SEC schools expect campuses to be open in the fall
All but one of the 14 schools in the Southeastern Conference have indicated they plan to reopen their campuses for the fall semester, a step widely believed to be needed to resume football and other sports.
South Carolina and Tennessee on Wednesday became the latest schools in the nation’s top football conference to announce their plans, joining Alabama, LSU and others.
Vanderbilt hasn’t announced its plans for the fall. Every other school has been more vocal in their intentions to reopen their buildings while students and faculty participate for now in remote learning through the summer because of the coronavirus pandemic.
South Carolina President Bob Caslen said the Columbia campus “will resume in-person instruction in mid-August.”
“We will follow clear public health protocols, including social distancing within classrooms, lecture halls, meeting rooms and sports venues, with strong encouragement of proper social distancing off campus,” he said.
Tennessee President Randy Boyd said the university plans to “bring students back for an on-campus experience this fall.”
Reopening campuses is seen as a mandatory step before sports can resume. The commissioners of the nation’s major college football leagues have stressed that college sports cannot return from the shutdown until campuses have reopened.
Dr. Brian Hainline, the NCAA’s chief medical officer, has also said widespread testing for the coronavirus will be crucial to having college sports in the fall, especially contact sports such as football and basketball.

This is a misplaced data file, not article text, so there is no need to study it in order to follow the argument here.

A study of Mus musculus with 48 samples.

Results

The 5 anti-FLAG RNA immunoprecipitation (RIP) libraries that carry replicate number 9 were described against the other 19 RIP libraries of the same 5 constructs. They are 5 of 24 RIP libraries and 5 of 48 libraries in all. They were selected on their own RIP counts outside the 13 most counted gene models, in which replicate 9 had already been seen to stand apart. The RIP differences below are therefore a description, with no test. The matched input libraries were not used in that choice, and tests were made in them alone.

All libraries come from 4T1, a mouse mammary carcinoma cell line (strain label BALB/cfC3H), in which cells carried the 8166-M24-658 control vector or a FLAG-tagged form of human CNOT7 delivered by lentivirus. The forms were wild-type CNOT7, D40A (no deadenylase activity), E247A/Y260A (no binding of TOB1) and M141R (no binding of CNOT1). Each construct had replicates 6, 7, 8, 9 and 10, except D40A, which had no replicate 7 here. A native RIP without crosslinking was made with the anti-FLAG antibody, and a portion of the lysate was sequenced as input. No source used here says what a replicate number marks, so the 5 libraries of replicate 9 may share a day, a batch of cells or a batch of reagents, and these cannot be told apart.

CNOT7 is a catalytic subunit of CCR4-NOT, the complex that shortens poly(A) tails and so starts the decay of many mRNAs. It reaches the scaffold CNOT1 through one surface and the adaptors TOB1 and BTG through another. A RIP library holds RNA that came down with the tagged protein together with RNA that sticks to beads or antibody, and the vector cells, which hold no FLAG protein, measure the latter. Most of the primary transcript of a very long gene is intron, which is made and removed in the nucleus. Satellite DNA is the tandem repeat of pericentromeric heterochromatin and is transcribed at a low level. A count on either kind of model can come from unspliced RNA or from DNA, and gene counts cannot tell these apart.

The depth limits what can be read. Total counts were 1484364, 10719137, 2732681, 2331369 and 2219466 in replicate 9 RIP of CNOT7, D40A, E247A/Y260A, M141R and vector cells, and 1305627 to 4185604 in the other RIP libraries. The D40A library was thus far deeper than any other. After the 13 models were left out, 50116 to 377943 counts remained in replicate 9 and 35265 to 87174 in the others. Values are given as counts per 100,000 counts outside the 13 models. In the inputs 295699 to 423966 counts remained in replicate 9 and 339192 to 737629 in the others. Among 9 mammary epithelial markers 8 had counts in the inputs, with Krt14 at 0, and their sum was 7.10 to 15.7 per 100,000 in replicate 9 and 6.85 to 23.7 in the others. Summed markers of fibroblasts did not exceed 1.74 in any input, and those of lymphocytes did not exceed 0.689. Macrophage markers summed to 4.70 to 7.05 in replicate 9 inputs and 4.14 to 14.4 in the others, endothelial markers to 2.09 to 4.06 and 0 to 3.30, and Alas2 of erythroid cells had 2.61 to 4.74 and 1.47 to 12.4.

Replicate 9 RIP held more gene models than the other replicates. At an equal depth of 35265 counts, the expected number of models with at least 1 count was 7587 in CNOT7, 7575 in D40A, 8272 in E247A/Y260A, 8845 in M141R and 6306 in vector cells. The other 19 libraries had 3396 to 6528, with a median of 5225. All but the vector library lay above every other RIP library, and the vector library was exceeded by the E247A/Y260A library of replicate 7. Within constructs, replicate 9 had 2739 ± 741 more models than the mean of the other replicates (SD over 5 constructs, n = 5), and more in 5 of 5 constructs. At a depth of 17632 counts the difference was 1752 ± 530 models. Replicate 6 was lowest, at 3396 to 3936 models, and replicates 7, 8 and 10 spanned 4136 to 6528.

At LSU, home to the national champion Tigers, LSU Interim President Tom Galligan told The Daily Reveille newspaper there are definite plans to return to campus this fall — even if details about football remain unclear.
“It may be a little different in some ways, but I think it’s important to play the season, and I hope we do so,” Galligan said.
The season begins Aug. 29, though SEC schools don’t begin play until the following week.
SEC officials continue to strike an optimistic tone along with their member schools.
“Our current focus is on preparing to play the 2020 football season as scheduled,” the league said in a statement Wednesday. “If it is determined that we must pivot to another solution in the interest of public health, we’ll do so at the appropriate time.”
Auburn is planning to reopen the campus but said in a statement the university will announce its detailed plans no later than early July.
Likewise, Joe Glover, Florida’s provost and senior vice president for academic affairs, said his school expects to announce plans for the fall by mid-July. Florida trustees approved moving the first day of fall classes from Aug. 24 to Aug. 31 to provide more time to prepare.
The Gators’ football opener against Eastern Washington is set for Sept. 5.
“While we know online classes are an option if needed, we plan to be fully open and operational, with dedicated faculty and staff leaning into preparing for all the requirements necessary to do so safely across academics, athletics and campus activities,” he said.